Idaho Co-op Helps Launch EV Charging Network Made Up of 8 Western States

A Tesla owned by Fall River Rural Electric Cooperative in Idaho was on display as the co-op announced that it will install public EV chargers as part of a new charging network in the intermountain West. Co-op members are able to rent the car for free for a few days to experience what it’s like to drive an EV. (Photo Courtesy: Fall River REC)

Fall River Rural Electric Cooperative in Idaho is helping create an electric vehicle fast-charging network along major corridors in the intermountain West.

On Sept. 15, co-op leaders joined with state officials from Idaho, Montana and Wyoming to launch the “West Electric Highway” through eight western states, which also include Arizona, Colorado, Nevada, New Mexico and Utah. Participants say it is the largest EV corridor collective in the nation, and they have dubbed it ChargeWest.

The kickoff event was held in Fall River REC’s territory in Island Park, Idaho, to highlight the fact that the Ashton-based co-op will be receiving nearly $865,000 in grants from the state to install a total of five DC fast chargers in three different locations to serve members and visitors. Motorists will be able to charge an EV battery to 80% in about 20 minutes.

Clint Washburn, human resources manager for Fall River REC, speaks at an event announcing a new EV charging corridor. He applied for state grants for EV chargers on behalf of the Idaho co-op. (Photo Courtesy: Fall River REC)

“We see a lot of vacation travelers coming to Yellowstone and Grand Teton National Parks, and they come through our service territory to get there,” said Clint Washburn, the co-op’s human resources manager who applied for the grants on behalf of Fall River.

“We just see there’s a huge need for it. I think there are a lot of travelers who don’t bring their EVs now because of the lack of chargers.”

Co-op members have also been requesting public chargers, Washburn said.

“We have a lot of out-of-state members who own cabins in our territory and the Level 1 chargers they have at those cabins can’t charge enough overnight for them to go to Yellowstone the next day.”

The eight states that have come together for ChargeWest want to leverage public-private partnerships to install chargers every 50 miles to ease range anxiety among EV drivers and give them confidence to head into the Rocky Mountains or across wide open stretches of land.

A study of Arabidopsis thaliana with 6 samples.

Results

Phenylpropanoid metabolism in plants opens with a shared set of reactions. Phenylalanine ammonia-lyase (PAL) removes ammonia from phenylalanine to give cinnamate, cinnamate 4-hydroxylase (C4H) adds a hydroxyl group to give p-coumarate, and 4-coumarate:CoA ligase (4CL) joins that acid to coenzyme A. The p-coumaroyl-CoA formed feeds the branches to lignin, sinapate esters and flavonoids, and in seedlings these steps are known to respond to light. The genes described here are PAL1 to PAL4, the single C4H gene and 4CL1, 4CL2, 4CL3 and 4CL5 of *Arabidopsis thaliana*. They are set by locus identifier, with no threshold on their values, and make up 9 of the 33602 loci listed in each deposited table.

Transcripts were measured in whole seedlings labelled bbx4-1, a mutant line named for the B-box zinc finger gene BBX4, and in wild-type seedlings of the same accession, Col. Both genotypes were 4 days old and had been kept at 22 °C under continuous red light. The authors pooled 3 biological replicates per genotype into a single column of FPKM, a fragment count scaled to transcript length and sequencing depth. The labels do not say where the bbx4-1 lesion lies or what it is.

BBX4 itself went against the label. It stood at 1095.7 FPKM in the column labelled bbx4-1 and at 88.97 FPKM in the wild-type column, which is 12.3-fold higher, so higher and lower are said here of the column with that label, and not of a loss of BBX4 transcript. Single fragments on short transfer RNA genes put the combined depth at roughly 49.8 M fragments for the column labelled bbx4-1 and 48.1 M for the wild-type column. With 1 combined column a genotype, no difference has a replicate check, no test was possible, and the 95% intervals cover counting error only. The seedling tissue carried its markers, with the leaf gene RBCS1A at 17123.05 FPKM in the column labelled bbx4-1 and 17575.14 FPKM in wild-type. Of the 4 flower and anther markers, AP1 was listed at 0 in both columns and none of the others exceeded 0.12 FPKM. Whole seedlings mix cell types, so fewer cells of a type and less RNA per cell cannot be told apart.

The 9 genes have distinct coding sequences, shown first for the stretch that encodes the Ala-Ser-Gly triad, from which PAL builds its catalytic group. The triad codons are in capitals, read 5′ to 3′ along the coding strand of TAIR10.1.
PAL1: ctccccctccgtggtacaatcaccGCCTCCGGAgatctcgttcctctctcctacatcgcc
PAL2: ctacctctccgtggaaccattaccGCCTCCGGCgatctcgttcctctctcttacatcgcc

“The intermountain west is becoming one of the most visited places in the United States,” said Tammie Bostick, executive director of Utah Clean Cities and the project lead. “We want the modern traveler to experience the same highways and byways of our western heritage with today’s new electric fuel horsepower.”

EV drivers will pay a per-minute price to plug in to the Fall River REC chargers, which should be in place by the end of next summer. All three sites are near major highways.

“In addition to providing these chargers for the public’s use, operating them will provide Fall River with valuable insight into how chargers affect the grid and better prepare us to safely and economically provide reliable energy and other services which bring value to our membership in the future,” Washburn said at the network launch.

He said the co-op’s goal is not to become the dominant EV charger owner in the region.

“We’re just getting the ball rolling,” Washburn said.

Co-op CEO Bryan Case said Fall River REC’s participation in the charging network is just the latest program by the co-op to showcase clean energy.

“Fall River’s expansion toward providing our members with fast chargers follows our recent efforts of developing a community solar array, building solar and wind demonstration units at area high schools as educational tools for our students, and having our members rent, at no cost, our Tesla EV so they can experience firsthand driving an electric vehicle.”

Erin Kelly is a staff writer for NRECA.